Biblical and Reverent Worship

The true worship of God is the central focus of the Christian religion. Today, many churches worship God in whatever manner they see fit. However, the true worship of God must be done in accordance with what God himself has commanded in his word. Thus, the worship of God is not something to be taken lightly. In this section, you will find articles dealing with specific doctrinal and practical issues related to public worship, while the pamphlet Public Worship and the Reformed Faith provides a detailed discussion of the Reformed view of worship.

The Basics of Worship

The foundation for all worship of God is a true understanding of the Bible. However, the Bible itself is under attack, even by many in the church. The importance of the Bible and its place and role are the subject of The Battle for the Bible.

In order to join in the public worship of God, we must take the time to set aside earthly cares and go worship. God has himself ordained a day of rest on which we must worship him. The New Testament church has maintained this by the practice of worshipping on Sunday in celebration of the resurrection. Today, however, many who call themselves Christians feel no qualms at deserting the worship of God to work or play on Sundays. This issue is dealt with in Remembering the Lord's Day.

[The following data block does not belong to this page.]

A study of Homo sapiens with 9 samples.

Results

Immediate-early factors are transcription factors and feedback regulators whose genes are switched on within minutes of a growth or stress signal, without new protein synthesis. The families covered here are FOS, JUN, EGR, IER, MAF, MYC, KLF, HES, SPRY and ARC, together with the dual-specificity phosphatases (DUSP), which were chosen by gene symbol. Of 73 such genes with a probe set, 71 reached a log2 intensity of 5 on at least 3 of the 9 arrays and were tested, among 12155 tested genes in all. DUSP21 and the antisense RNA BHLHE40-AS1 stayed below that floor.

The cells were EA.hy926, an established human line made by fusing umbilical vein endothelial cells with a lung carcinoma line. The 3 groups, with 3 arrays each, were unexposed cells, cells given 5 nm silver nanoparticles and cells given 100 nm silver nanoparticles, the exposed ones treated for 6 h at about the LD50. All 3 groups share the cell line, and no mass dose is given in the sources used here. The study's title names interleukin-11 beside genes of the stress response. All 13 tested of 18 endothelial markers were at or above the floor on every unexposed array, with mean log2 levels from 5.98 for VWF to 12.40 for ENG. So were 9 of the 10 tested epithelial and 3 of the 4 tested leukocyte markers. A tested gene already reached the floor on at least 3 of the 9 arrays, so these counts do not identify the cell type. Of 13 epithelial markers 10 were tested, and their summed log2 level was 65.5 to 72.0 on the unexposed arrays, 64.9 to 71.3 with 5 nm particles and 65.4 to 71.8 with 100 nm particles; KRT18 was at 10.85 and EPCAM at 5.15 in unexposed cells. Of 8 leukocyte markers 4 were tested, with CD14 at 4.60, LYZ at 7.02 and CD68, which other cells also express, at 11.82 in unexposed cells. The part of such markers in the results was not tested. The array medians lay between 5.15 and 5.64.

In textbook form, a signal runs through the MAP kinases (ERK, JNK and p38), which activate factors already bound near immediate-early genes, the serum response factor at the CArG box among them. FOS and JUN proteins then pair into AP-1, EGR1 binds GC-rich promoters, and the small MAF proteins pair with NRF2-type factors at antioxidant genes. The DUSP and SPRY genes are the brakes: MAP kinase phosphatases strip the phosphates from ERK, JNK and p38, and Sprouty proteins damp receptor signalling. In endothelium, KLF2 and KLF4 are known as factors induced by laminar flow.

Infant Baptism

The proper administration of the sacraments is a key component of worship. Among conservative protestant churches there is disagreement as to whether or not infants ought to be baptized, a doctrinal dispute that has great ramifications. Over against the Baptists, Reformed churches maintain that infants ought to be baptized. The reasons for this position are discussed in The Biblical Ground for the Baptism of Infants.

The King James Verison of the Bible

In recent years, most denomintions have discarded that old standard of English translations of the Bible: the King James Version. Although the King James Version does not have exclusive claims to authority, there are weighty reasons for its continued use, particularly in the context of public worship. The heritage belonging to this translation and some of the reasons for its use are discussed in The King James Version of the Bible.